Monday, March 22, 2010

Billster and Julia the Child

Whoa, a few weeks ago, Margo posted this beautiful family pic to Facebook and I thought it would be fun to paint. It took a while, but here's my take. The photograph still might be better, but I'm calling this version done as it has been on my easel for quite a while.

I took some in-progress shots along the way.

My first session was just establishing some water color and beach color. Then I moved on to the figures.

I finished sketching in the figures and boat without trying to be too tight and detailed for this size painting.

I finished up with darkening the distance after trying it lighter. I think the difference in light reflecting on the water is greater than the atmospheric lightening that I usually think of in landscape painting. The darker water also helped the boat and figures pop out more.

20" x 16" Oil on pumice panel.


Cat said...

This is beautiful!

James said...

Thanks, it was fun. Margo had a great photo there.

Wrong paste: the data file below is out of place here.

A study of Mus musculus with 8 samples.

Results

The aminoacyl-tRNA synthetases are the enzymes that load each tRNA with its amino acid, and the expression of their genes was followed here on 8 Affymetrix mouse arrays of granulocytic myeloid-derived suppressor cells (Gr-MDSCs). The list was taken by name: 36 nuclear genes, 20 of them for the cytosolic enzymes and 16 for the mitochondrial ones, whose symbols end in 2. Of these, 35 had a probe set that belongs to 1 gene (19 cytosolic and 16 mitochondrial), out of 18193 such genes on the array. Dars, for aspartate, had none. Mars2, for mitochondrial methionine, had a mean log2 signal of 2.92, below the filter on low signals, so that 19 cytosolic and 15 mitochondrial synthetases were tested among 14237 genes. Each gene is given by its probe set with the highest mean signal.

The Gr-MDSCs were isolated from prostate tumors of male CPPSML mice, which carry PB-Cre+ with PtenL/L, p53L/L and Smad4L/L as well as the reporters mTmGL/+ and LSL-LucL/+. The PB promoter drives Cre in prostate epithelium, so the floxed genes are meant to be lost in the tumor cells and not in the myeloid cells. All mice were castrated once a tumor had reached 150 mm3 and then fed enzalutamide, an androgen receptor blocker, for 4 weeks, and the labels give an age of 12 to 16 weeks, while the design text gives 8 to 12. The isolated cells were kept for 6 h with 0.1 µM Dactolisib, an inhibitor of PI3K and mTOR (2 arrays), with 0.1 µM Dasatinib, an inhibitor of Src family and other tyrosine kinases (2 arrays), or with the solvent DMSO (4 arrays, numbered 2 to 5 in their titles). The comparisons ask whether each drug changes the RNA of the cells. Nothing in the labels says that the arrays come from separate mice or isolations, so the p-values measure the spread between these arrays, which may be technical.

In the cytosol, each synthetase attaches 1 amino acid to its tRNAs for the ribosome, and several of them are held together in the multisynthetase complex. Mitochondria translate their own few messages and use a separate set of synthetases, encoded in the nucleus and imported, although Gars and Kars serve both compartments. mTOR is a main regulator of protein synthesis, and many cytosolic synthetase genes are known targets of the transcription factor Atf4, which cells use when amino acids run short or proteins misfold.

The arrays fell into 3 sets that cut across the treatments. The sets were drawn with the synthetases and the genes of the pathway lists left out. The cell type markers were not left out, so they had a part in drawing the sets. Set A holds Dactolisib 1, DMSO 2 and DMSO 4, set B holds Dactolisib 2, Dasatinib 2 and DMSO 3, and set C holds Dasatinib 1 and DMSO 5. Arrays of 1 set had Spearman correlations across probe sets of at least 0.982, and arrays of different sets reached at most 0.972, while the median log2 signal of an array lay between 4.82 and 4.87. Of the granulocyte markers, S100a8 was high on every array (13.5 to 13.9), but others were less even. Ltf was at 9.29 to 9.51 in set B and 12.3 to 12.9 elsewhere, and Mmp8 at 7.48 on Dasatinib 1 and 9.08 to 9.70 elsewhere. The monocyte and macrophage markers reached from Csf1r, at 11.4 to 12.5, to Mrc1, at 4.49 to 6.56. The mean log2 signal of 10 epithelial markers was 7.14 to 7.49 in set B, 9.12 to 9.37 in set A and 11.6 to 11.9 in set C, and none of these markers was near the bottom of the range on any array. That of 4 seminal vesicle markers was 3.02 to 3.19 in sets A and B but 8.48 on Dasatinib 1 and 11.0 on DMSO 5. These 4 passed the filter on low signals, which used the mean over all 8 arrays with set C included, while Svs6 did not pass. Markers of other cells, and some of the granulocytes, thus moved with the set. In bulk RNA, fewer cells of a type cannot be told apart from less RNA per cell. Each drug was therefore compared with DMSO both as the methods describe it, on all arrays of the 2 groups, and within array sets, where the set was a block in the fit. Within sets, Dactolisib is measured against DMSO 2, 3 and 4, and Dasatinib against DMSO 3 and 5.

ScholarsForStudents said...

James very nice!

When you say "oil on pumice panel", what do you mean exactly? Is this a canvas wrapped around a pumice stone?

Thank you!

James said...

Lately I have been painting on MDF panels that are gessoed with a acrylic gesso mixed with Pumice powder. I apply it with a roller to avoid leaving brush strokes that show through to the surface of the painting. The pumice gives a little grain and roughness to the panel. It also makes the oil paint dry faster.

I like how it has been working and will probably mix either pumice or marble dust into my gesso unless I want a very smooth surface when I use a wood support. These are both commonly available additions available at fine art supply stores. They are archival as long as you don't add too much and affect adhesion.

I learned of the technique from Larry Seiler and Marc Hansen.